PR metrics – like the metrics associated with other relationship marketing disciplines (events, social media) – have been traditionally hard to come by. But in today’s communications landscape, it’s a lot easier than it used to be to set data-driven KPIs that upper management can understand and appreciate.
In the modern messaging landscape, success = engagement. Whether we engage a traditional journalist and receive placement in the “Wall Street Journal” or engage an influencer on Twitter and receive a RT, our payoff is the same: we are earning media, and as a result we garner the impressions that we’ve traditionally used to measure success. (For more on that, check out this article on vanity metrics vs actionable metrics.)
The great thing about setting engagement as our primary goal in a socially-networked communications landscape from a PR metrics perspective is that – unlike “impressions” – it’s easy to prove: most engagement comes in the form of a click and can easily be monitored by standard social analytics.
Engagement simply means that a consumer, or group of consumers, decided to share or interact with your messaging online. With regards to traditional journalism, that’s media placement: how many articles or releases were picked up? The social networks have their own metrics of engagement: a share on Twitter, a “like” or share on Facebook, or a favorite on Instagram, etc. All of these channels work together, so understanding what engagement looks like per distribution channel is important, even if we’re just going for the traditional media placement. The social engagement is what creates the message amplification we’re after, and as a result those are crucial PR metrics to track.
How many people took an action on behalf of our brand? Now that we know what engagement looks like, measuring it is easy with the right tools. A good traditional and social media monitoring tool will identify and quantify that engagement for us, as part of a data-driven approach. One important delineation to bear in mind is the tracking of social shares - both from both paid and owned channels where possible (i.e. the article was on the homepage of the New York Times, and was then shared to Facebook whereupon it took on a life of its own. It was also on our own Facebook page, which spurred engagement from that audience. This type of channel-specific analysis will help us both measure and qualify our overall PR engagement.
Now, to answer the age-old communications question: is our message actually being heard? The qualitative side of measurement is less linear, but still doable: A good traditional media monitoring tool, in addition to a social listening tool, allows us to set up a variety of searches complete with threshold alerts that can tell us who’s saying what – and pinpointing the locations of these sources. In this way, we can track whether or not the language and positioning we’re introducing into the market is being adopted. If it’s not, by listening we’ve identified both what messages are out there, and where we might insert ourselves and/or engage in order to change that. This makes for a modern communications program cycle that looks like this:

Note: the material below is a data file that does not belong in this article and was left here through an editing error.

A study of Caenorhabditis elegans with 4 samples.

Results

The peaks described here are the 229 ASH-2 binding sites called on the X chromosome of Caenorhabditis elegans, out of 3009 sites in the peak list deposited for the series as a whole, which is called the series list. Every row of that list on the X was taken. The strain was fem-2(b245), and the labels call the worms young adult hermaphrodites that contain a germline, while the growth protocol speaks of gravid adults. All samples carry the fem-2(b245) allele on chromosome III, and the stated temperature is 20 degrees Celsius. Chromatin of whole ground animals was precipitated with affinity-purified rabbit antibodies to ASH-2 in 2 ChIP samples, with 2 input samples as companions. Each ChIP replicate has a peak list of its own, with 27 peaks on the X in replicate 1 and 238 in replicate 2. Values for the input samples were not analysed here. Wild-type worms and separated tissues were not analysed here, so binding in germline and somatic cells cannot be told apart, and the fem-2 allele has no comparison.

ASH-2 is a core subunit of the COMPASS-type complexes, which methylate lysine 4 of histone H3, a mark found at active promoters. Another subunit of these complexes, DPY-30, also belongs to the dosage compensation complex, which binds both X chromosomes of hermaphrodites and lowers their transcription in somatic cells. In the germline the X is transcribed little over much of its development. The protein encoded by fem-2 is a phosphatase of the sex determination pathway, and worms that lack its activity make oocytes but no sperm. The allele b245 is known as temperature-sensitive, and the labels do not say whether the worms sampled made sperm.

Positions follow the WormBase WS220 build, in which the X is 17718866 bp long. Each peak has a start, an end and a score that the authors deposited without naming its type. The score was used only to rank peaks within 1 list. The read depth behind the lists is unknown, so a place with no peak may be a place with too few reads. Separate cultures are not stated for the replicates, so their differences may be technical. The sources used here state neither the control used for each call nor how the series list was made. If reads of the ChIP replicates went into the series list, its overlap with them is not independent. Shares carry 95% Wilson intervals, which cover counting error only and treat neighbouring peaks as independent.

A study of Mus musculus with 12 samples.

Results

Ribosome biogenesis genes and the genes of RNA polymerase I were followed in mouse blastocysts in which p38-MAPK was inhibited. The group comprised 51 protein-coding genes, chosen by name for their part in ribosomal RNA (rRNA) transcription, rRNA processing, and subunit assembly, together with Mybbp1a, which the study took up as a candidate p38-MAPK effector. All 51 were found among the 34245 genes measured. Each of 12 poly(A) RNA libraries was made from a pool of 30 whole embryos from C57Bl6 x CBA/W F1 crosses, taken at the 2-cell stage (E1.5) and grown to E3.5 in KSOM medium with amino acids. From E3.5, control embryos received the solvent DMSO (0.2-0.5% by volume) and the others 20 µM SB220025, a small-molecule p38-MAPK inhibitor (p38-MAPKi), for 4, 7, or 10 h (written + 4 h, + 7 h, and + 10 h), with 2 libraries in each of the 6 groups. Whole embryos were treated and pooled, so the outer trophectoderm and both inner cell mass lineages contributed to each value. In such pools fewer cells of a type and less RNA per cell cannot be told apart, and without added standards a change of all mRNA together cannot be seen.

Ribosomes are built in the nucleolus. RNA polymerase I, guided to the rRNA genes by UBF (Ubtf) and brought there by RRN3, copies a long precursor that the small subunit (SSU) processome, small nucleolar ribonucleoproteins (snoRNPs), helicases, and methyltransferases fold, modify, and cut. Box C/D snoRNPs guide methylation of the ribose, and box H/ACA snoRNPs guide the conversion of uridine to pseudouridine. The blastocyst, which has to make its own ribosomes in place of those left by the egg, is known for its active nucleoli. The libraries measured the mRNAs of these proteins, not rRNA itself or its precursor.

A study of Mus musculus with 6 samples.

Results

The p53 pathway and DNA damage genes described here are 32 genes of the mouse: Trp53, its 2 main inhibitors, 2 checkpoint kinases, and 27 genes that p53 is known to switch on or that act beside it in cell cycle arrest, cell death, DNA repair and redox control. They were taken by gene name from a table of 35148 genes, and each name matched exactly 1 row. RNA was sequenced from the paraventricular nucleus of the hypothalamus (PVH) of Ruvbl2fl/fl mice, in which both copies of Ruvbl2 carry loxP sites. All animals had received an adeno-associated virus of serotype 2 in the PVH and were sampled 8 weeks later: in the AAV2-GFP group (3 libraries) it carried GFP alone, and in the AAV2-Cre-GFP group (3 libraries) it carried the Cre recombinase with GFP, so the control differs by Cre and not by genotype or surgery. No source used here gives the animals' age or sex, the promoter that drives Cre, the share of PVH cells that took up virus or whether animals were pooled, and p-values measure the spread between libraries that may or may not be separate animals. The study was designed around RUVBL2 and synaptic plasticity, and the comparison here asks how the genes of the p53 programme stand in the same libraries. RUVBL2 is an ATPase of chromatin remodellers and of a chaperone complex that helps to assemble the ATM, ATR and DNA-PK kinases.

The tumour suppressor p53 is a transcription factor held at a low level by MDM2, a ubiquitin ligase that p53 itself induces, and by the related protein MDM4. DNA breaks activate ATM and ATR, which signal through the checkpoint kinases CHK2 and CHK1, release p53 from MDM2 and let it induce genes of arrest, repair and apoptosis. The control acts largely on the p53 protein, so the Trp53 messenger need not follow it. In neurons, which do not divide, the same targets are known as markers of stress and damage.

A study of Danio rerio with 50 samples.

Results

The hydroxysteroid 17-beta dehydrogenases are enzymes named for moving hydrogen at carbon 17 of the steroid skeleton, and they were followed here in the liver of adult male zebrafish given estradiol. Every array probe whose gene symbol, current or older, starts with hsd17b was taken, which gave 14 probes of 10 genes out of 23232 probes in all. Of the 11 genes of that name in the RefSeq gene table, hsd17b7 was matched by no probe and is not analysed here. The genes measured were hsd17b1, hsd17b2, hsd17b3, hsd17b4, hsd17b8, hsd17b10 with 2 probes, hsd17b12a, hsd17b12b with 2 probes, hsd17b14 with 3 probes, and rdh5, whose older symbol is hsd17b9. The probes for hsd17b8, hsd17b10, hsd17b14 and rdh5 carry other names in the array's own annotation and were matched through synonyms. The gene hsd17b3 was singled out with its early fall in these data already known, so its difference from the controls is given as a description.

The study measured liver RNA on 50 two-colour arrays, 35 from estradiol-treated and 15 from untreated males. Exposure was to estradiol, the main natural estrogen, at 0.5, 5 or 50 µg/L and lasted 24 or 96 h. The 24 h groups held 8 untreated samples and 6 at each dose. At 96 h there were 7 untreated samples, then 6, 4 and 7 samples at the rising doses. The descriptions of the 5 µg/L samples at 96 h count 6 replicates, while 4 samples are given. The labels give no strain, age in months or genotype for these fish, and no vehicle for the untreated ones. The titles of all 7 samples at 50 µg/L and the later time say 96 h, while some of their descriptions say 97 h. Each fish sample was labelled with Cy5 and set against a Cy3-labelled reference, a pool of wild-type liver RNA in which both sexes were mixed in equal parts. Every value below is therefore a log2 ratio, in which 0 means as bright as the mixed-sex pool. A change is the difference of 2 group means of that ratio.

The dialogue marketing cycle starts and ends with listening.
With this in mind, our PR metrics might list a hard number of RTs, and we might then qualify our success by showing a few concrete examples (i.e. screenshots or report snippets). This will prove that of our message is being organically shared, as other Twitter users endorse it and make it visible to their followers. Similarly, tweets that people favorite become visible to their communities as well. This is a fairly recent development but affects impressions drastically.
The reach and impression numbers that our channel partners give us are also an important part of our PR metrics – impressions are, after all, at the top of a purchase funnel, and we want to understand the opportunity there. This is the PR metric we’re most used to using: in a time of offline communications, it was the best one available that demonstrated the value of media placement.
The power of message amplification via social sharing is that we can get significant impressions from earned media – and those impressions might be made on important influencers. Today’s media platforms don’t operate in a silo: reporters use blogs and social and bloggers use social media, and social media influencers use journalism and blogs. Or, as we learned from PRSA: paid, earned and owned media service to amplify each other. With that in mind, measuring our PR and general brand reach, in conjunction with both hard engagement metrics and qualitative messaging analysis, gives us a data-driven and holistic view as to the success of our messaging campaign.
PR Measurement in Summary
A customer is so much more than just a consumer. They are a vehicle for helping your brand reach new audiences and potential new buyers. A well-thought-out PR campaign with enticing content such as infographics and short-form social posts can help you gain organic media coverage along with syndicated content like a press release. From here, you can use Google Analytics and social listening to hone in on key focus areas and prove and increase in ROI.
Data-driven marketing is a key foundation of good public relations and an important part of your campaign evaluation and increasing revenue and exposure for your brand. Make sure you have the right tools to understand the impact of your messaging effort and to guide you in your journey towards content marketing mastery.